NWO Open Competition Grant for Hanieh Bazyar
Current membrane fabrication processes are not sustainable because they are energy-intensive and require hazardous solvents. We are all familiar with the concept of 3D printing as it has been used in various fields in the last decades. However, it couldn’t find its contribution yet to the big industry of polymeric membrane production. Hanieh Bazyar, Department of Process and Energy, received NWO Open Competition Grant for her research on next generation 3D printed separation membranes.
Open Competition ENW-XS project
In this project, Bazyar studies a novel 3D printing technology which can potentially overcome the limitations of the current 3D printing technology.
How does it work?
Current membrane fabrication processes are not sustainable as they are energy-intensive and require hazardous solvents (Figure 1 (a)). A new green method for membrane fabrication is 3D printing which eliminates extra fabrication steps, decreases waste production and CO2 emissions. Also, more control is provided on the design, shape and type of membranes. In this project I study the possibility of fabricating 3D-printed porous membranes with well-defined nano/micro-scale pore size, location and geometry using a novel 3D printing method (Figure 1 (b)). The proposed method can revolutionize membrane fabrication procedures leading to the development of novel membranes with high permeability and selectivity. The fabricated ultra/microfiltration membranes will be used for wastewater treatment applications.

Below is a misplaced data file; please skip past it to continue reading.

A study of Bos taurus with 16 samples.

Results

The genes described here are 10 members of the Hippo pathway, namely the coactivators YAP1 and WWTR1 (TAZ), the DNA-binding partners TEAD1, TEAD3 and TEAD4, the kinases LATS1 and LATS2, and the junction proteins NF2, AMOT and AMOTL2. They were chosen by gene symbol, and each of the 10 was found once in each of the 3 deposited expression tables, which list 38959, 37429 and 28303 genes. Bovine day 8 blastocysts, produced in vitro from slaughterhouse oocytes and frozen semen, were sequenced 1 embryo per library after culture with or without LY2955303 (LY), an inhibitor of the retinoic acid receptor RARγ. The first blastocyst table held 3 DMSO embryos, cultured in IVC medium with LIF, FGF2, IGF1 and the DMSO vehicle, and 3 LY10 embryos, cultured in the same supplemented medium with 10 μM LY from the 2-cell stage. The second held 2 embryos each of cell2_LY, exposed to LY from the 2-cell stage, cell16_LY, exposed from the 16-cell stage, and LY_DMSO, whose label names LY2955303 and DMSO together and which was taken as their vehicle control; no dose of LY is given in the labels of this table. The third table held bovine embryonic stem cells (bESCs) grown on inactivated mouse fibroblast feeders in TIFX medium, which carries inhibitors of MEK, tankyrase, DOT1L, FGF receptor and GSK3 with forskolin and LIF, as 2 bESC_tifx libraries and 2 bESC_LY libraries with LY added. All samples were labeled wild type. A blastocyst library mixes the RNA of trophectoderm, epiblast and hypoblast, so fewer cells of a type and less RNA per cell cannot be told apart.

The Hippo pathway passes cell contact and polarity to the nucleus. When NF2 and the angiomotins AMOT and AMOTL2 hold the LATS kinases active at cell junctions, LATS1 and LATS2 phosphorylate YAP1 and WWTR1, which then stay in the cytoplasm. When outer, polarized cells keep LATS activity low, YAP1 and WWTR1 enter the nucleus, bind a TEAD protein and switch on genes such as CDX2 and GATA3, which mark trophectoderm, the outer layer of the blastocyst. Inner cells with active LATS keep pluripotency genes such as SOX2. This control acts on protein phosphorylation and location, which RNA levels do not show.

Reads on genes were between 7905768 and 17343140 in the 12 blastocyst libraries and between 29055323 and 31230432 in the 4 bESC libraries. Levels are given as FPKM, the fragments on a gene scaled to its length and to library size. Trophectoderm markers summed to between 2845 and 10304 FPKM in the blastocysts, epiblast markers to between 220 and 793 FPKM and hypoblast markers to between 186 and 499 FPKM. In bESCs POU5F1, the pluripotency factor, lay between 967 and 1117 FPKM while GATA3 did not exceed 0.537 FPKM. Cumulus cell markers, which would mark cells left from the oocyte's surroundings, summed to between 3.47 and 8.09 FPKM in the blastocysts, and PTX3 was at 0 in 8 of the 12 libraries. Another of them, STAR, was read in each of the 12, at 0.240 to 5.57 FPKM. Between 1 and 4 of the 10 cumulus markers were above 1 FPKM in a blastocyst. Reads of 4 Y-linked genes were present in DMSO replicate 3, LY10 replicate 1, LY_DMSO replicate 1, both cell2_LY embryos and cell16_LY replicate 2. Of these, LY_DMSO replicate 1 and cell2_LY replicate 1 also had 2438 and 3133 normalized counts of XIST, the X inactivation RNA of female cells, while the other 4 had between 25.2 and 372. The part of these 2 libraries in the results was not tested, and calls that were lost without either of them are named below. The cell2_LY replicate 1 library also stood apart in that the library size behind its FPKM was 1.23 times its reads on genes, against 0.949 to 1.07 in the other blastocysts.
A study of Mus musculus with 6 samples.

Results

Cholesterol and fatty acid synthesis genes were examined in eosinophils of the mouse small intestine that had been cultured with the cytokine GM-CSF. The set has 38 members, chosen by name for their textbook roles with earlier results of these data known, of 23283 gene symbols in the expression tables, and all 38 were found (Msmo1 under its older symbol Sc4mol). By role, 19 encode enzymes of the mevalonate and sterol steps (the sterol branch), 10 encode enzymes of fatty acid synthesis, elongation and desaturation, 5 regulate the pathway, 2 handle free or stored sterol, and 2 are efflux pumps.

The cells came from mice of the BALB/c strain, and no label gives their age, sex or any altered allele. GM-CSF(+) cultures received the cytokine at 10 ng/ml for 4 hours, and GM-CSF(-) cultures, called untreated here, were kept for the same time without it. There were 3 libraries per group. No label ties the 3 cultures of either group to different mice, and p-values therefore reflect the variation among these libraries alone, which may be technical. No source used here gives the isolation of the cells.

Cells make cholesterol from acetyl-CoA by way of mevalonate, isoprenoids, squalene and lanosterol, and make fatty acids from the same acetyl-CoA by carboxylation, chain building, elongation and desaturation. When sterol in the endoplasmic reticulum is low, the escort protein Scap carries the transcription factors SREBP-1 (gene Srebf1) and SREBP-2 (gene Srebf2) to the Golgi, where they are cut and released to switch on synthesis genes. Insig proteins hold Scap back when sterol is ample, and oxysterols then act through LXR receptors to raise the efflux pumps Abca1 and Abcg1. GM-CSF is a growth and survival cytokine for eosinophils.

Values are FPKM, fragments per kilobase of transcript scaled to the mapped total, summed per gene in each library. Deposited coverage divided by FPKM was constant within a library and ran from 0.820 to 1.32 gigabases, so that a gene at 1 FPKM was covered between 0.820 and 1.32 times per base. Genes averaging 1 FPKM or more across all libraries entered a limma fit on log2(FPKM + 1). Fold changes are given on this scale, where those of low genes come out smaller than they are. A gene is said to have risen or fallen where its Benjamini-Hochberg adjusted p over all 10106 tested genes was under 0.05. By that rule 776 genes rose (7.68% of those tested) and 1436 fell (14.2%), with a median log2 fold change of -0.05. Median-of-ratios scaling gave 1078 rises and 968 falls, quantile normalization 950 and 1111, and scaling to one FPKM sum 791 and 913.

(a) conventional method (non-solvent induced phase separation) for making polymeric porous membranes.
(b) comparison of the existing and our novel proposed technique for 3D printing porous membranes. In this technique, instead of a single light beam, million light beams are used to construct the nano/micro pores leading to a faster and less expensive 3D printing technique.
Hanieh Bazyar: "The main application of these membranes would be for wastewater treatment. We can make micro filtration membranes (for removal of bacteria, oil droplets, particles, etc.) as well as ultrafiltration membranes (for removal of smaller compounds/species such as proteins, viruses, etc.). With our 3D printing approach, we should be able to make micro filtration membranes as well as ultrafiltration membranes (the first two from left in the picture on the right)."
Hanieh Bazyar: "ENW-XS is a very good opportunity for the young researchers at the early stage of their career. It provides the possibility of studying high-risk ideas. The other advantage is that the results will serve as the basis for the bigger grants (ENW-M or ENW/XL)."
The Open Competiton ENW - XS Grant is explicitly about curiosity-driven, adventurous research and being able to quickly explore a promising idea.